98 points by ghosthamlet 34 days ago | hide | past | web | favorite | 8 comments



Not to spoil the article for anyone but..

Pretty in depth article and well laid out explanation of natural gradient descent with a small pre-fit dataset for a conclusion of 'too computationally expensive for machine learning/big data world'.

This is what I struggled with in school. You'd spend a class week learning some tough stuff only to be told 'this is no longer done, better methods are now used.'

Sometimes the work is needed to allow you to understand why/how the new method is used, but in many cases I didn't find that to be true.


I wouldn't recommend this to someone wanting to use the currently most practical tools. But I'm glad some people want to know about this stuff.

Sometimes the natural gradient turns out to be easier to compute than the gradient, and then it has made it in to applications.

Variational Inference: A Review for Statisticians (Blei et al., 2016) https://arxiv.org/abs/1601.00670

In this case, the gradient (51) has the Fisher Information in it and the natural gradient gets rid of that hard-to-compute term. This stuff has been used in a bunch of applications (section 5.1, p23).

You could argue that someone pragmatic might have tossed that positive definite term anyway (without knowing about natural gradients). Or come up with the same algorithm, as a heuristic improvement of existing algorithms. But the connection is quite neat.

Another example of links to natural gradients helping to make an algorithm cheaper: https://arxiv.org/abs/1712.01038 (Two related papers appeared at ICML 2018.)


   but in many cases I didn't find that to be true. 
I wouldn't be so sure. Consider the "opposite" approach in some sense, a person who has only done a rapid training online course in current techniques. I give them a very specific task that matches their training well, they will probably do ok. If something unexpected happens though, they will mostly be unable to address it effectively. If a slightly different problem comes up, they won't know how to address that, either. They will have a shallow sense of "how", and very little sense of "why". Worse, they are ill prepared for adapting new techniques; i'd probably be just as well off finding a newer version to hire, who has had more recent training....

Sure, not all courses are as good as they could be (nor all lecturers) but the core of what they are trying to teach you is nothing as simple as methods. Methods are the easy part, after all.


Strong disagree. I started learning machine learning back in 2010, before neural networks really took off. The understanding of where the field was before and why DNNs were useful advancement puts me way ahead of peers who don't understand what problems they're solving. I have an appreciation for the ways that those problems can still creep back into neural network research, despite them apparently being a black box to many researchers.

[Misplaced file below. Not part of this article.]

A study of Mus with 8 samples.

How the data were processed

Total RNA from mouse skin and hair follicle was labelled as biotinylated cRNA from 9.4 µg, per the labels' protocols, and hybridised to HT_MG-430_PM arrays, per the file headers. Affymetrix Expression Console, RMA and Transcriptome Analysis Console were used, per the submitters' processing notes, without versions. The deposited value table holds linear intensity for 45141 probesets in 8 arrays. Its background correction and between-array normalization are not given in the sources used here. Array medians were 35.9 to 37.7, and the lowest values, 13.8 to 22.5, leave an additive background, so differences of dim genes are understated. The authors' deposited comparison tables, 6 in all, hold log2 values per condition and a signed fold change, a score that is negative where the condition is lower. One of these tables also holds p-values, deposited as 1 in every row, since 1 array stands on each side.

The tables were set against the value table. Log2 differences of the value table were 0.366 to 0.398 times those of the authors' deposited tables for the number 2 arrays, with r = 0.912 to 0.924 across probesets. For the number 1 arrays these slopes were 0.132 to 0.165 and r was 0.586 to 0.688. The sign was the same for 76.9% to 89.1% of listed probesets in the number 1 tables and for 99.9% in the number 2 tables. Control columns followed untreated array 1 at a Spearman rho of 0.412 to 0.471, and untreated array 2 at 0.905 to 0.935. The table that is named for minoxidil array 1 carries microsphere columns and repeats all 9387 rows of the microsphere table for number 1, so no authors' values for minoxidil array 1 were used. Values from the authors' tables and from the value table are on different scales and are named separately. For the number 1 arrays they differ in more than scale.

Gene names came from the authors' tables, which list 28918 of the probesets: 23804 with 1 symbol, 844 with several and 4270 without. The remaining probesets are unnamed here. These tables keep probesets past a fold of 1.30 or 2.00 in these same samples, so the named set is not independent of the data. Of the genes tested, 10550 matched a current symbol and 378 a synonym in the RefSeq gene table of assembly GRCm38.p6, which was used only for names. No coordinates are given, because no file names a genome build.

> 'too computationally expensive for machine learning/big data world'

But not for normal-sized datasets...

I've noticed a shift in the past year where (new?) people are thinking ML is synonymous wth NN/Deep Learning models.

To me ML has always encompassed statistical learning techniques, most of which work very well on normal-sized datasets (thousand to a million rows, definitions differ). Most classical/statistical methods work just fine at this scale, including the method in the linked article.

Lately I've also been thinking: given certain patterns of regularity in data, and outside of certain domains involving images/sound/language, we don't really need large-scale datasets to train our models. Good models can be trained on carefully selected samples without significant loss of fidelity, which opens up the scope of the types of models that can be deployed.


https://towardsdatascience.com/its-only-natural-an-excessive... is another nice overview complementary to this one.


This series is well written. The speed up is expected due because you're incorporating second-order information during the optimisation. For more insight into second order optimisation methods, take a look at Newton's method: https://en.wikipedia.org/wiki/Newton%27s_method. The intuition, derivation, and proof of correctness and convergence speed are quite illuminating.


Thanks for this insight.

I worked in deterministic optimization and there are many well-known techniques for speeding up convergence from line searches to 2nd-order derivatives (Hessians). These are fairly standard techniques. However I was unfamiliar with stochastic optimization, so on cursory reading, I didn't recognize these concepts until I realize what people are trying to do were probabilistic analogues of standard optimization techniques, e.g. instead of Euclidean norms, K-L divergences are used.

In the discussion, the ADAM algorithm was mentioned, which sounds like a type of quasi-Newton method but with much simplified properties like constraining the elements to the diagonal. This sounds to me like the akin to the sort of simplification that Stochastic Gradient Descent (SGD) takes -- very crude but practical at extremely large scale.

It's useful to note that for normal scale problems (thousands to a million variables), using analytical gradients (of which the natural gradient is a type of) and Hessians via automatic differentiation with a Newton-type method provide much faster convergence. SGD/ADAM are essentially a compromise to make things work at extremely large scale.